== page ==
Shhh! Pablo is asleep. This is his last night inside the shell. Tomorrow he'll come out. But he's a little shy so will start with just very small hole. Tap tap!
With the little chick Pablo, we discover up and down, forward and back, shapes, the noises and smells of the outside, and take a first flight. It's not scary at all! Especially not if you keep a little piece of home with you, in case you need it later. A fresh and funny story about stepping out on your own into a bright new world.
"Utilizing black-and-white illustrations with bold shapes and sharp contrasts, Pablo is a sparse story about breaking out of your shell—literally. Pablo's big day has arrived: he has grown too big for his shell, and he is now ready to spread his wings in the world, albeit cautiously. With a touch of color at its close, the book reminds children that, even as they grow and change, a piece of home is always with them."—Foreword Reviews
"Playing it safe, a chick decides to hatch bit by bit.
With stark black images—mainly a black egg in center stage—set against a white background, Belgian author/illustrator Rascal tells the story of Pablo, the chick, as he hatches. As the story opens, Pablo is spending his last night in his shell. When morning comes, Pablo must gather his strength for the task ahead, and what better way than with a small croissant and a hot chocolate? The tone is set: Though the images may be black and white, Pablo is no black-and-white character. There is an endearing complexity to this cute little chick. 'A little bit scared' yet a little curious, 'Pablo starts with a little tiny hole.' One eye contemplates the world outside, then two. Bit by bit, he makes a hole for each ear, his beak, and then his legs. Now Pablo can see, hear, smell, and wander around. With an eighth and ninth hole his wings are freed, and he flies. 'He's not scared now!' Tempering bravery with caution, after emerging, Pablo saves a small piece of his shell, just in case. And what a good thing he does, as the last illustration shows a yellow chick sheltering from the rain under his shell/umbrella. Indeed, bravery is not a one-dimensional trait.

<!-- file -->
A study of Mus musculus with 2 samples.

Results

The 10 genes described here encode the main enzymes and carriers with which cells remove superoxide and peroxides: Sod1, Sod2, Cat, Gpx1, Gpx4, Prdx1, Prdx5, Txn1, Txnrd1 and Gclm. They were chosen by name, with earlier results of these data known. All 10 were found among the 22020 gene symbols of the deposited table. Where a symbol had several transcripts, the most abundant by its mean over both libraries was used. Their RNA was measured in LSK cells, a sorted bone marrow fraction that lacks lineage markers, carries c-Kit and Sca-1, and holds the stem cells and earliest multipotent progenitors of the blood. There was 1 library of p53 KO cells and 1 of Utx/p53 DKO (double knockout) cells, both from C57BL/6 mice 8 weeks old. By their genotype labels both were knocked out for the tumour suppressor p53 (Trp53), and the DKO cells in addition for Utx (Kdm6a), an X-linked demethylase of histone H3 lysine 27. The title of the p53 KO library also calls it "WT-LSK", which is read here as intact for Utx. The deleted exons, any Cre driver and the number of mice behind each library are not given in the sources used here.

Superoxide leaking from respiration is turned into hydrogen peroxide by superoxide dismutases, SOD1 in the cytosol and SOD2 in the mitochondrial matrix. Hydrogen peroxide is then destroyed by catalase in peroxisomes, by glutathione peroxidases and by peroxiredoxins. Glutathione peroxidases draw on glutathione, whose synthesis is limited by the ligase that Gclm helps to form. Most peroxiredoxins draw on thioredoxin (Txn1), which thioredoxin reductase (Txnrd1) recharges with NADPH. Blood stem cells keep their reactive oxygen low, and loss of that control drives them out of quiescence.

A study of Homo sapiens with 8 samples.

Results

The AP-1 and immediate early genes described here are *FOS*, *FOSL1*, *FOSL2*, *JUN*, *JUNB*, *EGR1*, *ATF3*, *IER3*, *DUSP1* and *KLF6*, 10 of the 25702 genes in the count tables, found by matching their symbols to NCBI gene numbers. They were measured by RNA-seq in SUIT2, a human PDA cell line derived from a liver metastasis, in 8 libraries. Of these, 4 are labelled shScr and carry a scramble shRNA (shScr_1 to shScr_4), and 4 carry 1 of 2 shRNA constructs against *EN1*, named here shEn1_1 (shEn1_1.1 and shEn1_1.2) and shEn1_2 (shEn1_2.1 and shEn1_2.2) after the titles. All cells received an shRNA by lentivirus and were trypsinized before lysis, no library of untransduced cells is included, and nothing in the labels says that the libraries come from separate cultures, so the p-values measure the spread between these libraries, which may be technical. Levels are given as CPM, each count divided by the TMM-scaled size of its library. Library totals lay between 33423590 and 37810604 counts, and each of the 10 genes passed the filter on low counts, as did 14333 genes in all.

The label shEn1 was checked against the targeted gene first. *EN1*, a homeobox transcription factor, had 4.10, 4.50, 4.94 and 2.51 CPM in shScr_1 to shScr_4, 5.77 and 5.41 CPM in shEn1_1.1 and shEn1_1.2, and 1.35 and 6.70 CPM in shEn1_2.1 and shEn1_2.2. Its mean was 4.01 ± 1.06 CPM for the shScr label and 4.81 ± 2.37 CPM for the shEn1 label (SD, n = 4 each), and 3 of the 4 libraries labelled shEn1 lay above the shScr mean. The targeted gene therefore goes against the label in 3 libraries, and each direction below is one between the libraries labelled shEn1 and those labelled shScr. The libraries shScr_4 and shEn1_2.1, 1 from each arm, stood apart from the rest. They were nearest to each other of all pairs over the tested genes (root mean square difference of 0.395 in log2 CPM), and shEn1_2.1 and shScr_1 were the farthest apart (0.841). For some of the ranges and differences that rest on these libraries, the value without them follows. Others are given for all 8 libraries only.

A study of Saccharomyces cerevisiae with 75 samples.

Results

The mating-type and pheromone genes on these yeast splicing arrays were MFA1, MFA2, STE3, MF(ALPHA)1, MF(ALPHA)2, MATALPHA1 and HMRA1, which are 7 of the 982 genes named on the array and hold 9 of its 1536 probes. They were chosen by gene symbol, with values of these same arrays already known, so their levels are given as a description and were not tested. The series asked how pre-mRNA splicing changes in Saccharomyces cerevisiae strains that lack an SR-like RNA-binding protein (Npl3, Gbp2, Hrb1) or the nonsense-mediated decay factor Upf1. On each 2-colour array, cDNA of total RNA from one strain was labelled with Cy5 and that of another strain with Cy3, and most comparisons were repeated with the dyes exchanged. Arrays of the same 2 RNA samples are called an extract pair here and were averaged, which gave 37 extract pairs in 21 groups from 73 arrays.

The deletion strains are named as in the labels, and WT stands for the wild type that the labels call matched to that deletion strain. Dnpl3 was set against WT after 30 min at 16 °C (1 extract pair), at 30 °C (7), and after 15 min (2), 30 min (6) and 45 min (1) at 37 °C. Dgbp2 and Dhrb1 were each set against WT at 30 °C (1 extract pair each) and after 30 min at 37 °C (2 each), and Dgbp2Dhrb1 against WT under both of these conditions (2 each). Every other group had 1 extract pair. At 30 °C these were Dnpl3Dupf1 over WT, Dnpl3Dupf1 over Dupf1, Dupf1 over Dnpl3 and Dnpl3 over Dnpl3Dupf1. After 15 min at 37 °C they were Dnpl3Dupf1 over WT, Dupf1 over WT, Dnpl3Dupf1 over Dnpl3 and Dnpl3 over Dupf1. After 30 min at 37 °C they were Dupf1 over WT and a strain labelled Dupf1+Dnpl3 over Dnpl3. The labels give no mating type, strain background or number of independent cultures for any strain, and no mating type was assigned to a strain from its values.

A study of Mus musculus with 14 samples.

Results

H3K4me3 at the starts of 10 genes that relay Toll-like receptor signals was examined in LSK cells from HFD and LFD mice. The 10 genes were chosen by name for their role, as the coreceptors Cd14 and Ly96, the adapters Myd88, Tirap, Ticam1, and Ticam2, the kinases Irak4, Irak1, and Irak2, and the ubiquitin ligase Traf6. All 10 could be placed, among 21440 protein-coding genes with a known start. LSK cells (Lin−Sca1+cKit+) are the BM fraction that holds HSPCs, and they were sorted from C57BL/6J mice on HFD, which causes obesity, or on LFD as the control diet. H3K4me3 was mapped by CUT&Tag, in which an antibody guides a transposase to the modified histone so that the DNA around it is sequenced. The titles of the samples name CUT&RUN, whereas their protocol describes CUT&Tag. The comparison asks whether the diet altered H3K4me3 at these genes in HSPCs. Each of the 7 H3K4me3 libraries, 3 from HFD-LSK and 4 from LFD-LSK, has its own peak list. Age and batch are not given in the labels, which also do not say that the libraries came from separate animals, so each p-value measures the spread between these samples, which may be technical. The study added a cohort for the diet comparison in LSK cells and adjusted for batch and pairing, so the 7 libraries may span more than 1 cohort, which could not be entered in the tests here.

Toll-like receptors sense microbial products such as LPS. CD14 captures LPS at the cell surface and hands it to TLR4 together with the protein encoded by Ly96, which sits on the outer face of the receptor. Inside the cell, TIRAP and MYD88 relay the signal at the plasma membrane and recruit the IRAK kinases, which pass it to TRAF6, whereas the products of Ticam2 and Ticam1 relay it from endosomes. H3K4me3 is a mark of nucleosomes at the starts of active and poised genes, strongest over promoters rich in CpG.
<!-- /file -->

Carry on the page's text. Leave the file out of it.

Delightful—will surely bring smiles to readers' faces."—starred, Kirkus Reviews—Journal
is a leading Belgian illustrator and author of children's books. Enrolled by his parents in art school at the age of 12, he has since published more than 100 children's books and received international awards.
Rascal is a leading Belgian illustrator and author of children's books. Enrolled by his parents in art school at the age of 12, he has since published more than 100 children's books and received international awards.